By Tom Ballard, Chief Alliance Officer, PYA
The Knoxville start-up, founded in 2016 by Alicia Caputo and Mik Bertolli, launched its inaugural product offering this week after more than 40 companies in a variety of industry sectors participated in the beta testing.
“We received really good feedback,” Caputo said. She serves as the start-up’s Chief Executive Officer, focused on marketing and business operations, while Bertolli is the Chief Science Officer.
It’s been a whirlwind period for the duo since they graduated less than 18 months ago from the Knoxville Entrepreneur Center’s “CodeWorks” and were selected to participate in the fourth cohort of Launch Tennessee’s “The TENN” master accelerator.
Caputo said the impetus for Sibyl was a client that used a lot of social media in its marketing efforts. It wanted to know what were people saying – positive, negative or neutral – so the company could respond quickly.
“We tried to find an existing product to meet the needs, but could not,” she added. “The options were either very restrictive on how they looked at nuances in the postings or required a human component to review them. That’s expensive and has a time lag.”
Enter Sibyl, currently designed to integrate with Twitter.
“You can address positive of negative tweets,” Caputo says. “You can teach Sibyl your industry terms. You can use Sibyl to tell prospective customers what you are really good at doing or producing.”
The platform imports all of your Twitter feeds and other relevant data about a client’s company, location(s), etc. Using machine learning technology, Sibyl learns a client’s business, ideal customers, and style of communicating.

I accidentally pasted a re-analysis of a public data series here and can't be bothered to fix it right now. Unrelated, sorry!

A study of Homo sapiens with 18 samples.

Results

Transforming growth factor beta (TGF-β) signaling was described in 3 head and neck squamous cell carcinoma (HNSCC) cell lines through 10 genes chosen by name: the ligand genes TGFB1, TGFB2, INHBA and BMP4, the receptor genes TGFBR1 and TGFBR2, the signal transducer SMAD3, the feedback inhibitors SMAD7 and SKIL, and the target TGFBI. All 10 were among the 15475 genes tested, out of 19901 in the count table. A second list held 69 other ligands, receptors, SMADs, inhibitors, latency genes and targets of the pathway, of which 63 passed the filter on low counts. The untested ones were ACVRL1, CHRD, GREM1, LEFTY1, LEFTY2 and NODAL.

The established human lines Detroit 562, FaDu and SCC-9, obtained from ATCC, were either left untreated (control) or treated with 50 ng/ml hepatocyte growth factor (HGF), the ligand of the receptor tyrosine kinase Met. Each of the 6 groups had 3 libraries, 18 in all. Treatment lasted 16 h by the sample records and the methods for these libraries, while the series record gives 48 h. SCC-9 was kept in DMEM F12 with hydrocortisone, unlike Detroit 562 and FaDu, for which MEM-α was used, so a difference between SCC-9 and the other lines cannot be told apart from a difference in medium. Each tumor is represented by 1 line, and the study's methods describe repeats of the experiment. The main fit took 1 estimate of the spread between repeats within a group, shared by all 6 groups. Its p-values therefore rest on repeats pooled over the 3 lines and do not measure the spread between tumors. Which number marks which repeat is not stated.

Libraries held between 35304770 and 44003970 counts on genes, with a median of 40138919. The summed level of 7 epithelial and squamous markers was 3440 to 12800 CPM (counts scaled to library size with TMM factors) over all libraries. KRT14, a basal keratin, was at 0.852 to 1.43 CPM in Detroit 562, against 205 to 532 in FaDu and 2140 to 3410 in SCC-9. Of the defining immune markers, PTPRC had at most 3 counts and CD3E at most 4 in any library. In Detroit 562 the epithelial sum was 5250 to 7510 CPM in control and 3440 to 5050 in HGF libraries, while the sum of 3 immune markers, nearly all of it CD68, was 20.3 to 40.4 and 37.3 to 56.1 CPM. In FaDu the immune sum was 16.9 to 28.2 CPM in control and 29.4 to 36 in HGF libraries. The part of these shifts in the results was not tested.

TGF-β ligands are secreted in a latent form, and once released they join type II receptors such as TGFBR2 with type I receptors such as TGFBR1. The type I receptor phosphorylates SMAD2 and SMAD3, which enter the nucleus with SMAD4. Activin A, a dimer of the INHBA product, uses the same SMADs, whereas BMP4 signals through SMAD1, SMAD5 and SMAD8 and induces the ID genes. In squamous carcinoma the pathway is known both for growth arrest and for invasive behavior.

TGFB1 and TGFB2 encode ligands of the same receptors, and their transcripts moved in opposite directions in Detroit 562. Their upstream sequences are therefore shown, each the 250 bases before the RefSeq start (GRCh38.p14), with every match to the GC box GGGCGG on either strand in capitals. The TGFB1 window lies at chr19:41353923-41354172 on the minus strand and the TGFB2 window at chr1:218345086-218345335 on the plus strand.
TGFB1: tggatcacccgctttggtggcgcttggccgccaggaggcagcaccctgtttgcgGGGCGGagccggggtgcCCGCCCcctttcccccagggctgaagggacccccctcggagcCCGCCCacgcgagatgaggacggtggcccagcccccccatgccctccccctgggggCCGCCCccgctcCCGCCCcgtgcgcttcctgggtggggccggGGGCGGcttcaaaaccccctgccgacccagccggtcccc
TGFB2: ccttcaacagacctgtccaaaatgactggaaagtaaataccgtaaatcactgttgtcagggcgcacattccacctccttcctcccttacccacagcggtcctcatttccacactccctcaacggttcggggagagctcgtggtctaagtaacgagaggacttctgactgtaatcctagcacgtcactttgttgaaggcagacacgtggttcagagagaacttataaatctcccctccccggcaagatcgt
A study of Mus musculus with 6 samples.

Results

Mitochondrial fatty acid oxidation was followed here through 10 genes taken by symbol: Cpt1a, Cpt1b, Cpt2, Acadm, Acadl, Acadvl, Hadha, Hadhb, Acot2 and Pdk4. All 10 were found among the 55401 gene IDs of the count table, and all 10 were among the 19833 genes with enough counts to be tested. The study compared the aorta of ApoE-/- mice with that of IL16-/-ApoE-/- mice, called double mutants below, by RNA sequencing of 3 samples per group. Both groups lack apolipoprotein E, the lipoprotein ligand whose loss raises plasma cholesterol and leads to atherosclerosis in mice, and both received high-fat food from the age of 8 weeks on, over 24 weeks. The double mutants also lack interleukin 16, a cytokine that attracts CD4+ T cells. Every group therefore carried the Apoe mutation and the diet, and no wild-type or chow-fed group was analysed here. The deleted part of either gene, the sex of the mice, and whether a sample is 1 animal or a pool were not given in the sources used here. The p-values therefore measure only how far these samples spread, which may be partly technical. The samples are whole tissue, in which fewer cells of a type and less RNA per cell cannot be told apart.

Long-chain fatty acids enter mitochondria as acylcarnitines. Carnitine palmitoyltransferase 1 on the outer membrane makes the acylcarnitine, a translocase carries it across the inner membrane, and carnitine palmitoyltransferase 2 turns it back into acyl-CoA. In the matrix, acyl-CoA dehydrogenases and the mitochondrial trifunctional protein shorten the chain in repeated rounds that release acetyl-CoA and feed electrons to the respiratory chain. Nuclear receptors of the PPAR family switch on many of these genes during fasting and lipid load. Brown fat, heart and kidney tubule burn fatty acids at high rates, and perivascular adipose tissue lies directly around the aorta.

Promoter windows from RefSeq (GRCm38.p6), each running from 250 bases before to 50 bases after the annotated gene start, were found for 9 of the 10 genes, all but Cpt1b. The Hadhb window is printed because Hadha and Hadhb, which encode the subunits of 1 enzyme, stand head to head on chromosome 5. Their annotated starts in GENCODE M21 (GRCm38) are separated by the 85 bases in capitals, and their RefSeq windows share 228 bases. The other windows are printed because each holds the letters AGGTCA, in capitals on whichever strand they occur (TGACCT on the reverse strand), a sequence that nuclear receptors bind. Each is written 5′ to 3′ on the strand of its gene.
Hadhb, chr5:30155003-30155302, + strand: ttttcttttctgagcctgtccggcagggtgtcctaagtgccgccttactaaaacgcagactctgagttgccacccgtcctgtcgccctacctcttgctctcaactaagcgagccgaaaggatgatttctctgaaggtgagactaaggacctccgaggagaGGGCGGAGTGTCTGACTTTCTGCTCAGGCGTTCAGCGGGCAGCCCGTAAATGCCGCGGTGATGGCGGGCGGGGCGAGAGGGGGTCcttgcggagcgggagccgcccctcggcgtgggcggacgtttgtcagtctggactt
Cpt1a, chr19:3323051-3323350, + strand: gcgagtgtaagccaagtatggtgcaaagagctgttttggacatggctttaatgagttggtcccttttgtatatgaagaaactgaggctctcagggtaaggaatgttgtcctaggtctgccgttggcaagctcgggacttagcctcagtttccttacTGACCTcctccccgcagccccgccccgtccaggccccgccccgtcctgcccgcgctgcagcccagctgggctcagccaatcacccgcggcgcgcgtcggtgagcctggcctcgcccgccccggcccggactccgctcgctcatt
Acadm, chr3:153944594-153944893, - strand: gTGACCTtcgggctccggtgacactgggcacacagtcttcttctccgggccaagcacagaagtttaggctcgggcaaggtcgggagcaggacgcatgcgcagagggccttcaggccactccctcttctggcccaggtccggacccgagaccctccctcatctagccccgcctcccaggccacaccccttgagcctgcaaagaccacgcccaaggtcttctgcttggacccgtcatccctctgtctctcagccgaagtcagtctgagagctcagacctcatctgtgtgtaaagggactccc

As it collects and analyzes all of this continuing information, it literally becomes smarter at identifying Twitter users who are ideal targets and retweets content to them in an automated manner.
Avrio describes Sibyl as being a “sentiment analysis platform” that offers a “clairvoyant insight into what they (a client’s audience) want next.”
“You become the news outlet for your ideal follower,” Caputo says. “Sibyl’s engine makes sure your Tweets have a consistent feel based on the history of your communication and can also predict the likely reaction of those receiving the Tweets.”
Up to now, Avrio has been a services company, so Sibyl represents the start-up’s inaugural foray into marketing a product that will fit within the budget of smaller companies that cannot afford something like IBM’s Watson.
“We can do more things with our machine than Watson,” Caputo says. “They’re (the IBM team) extremely good. Watson is great at image recognition and NLP (natural language processing. We’re not trying to compete with them.”
She notes that one of those limitations is the entry price for a company wanting to use Watson is very expensive. Sibyl is priced for smaller to medium sized companies with a more limited budget.
Those interested in learning more about Sibyl can click here.
As far as the start-up in general, Caputo said that Avrio is “working with some great clients. During the recent “Launch Tennessee Road Show,” she cited local firms like Cirrus Insight, NewsBreak Media Networks, and Sword & Shield.
Caputo says there are several other product ideas in the pipeline, perhaps starting with something in the customer relationship management (CRM) space. She laughed when she said they would have Greek names, considering both Caputo and Bertolli have Italian ancestry.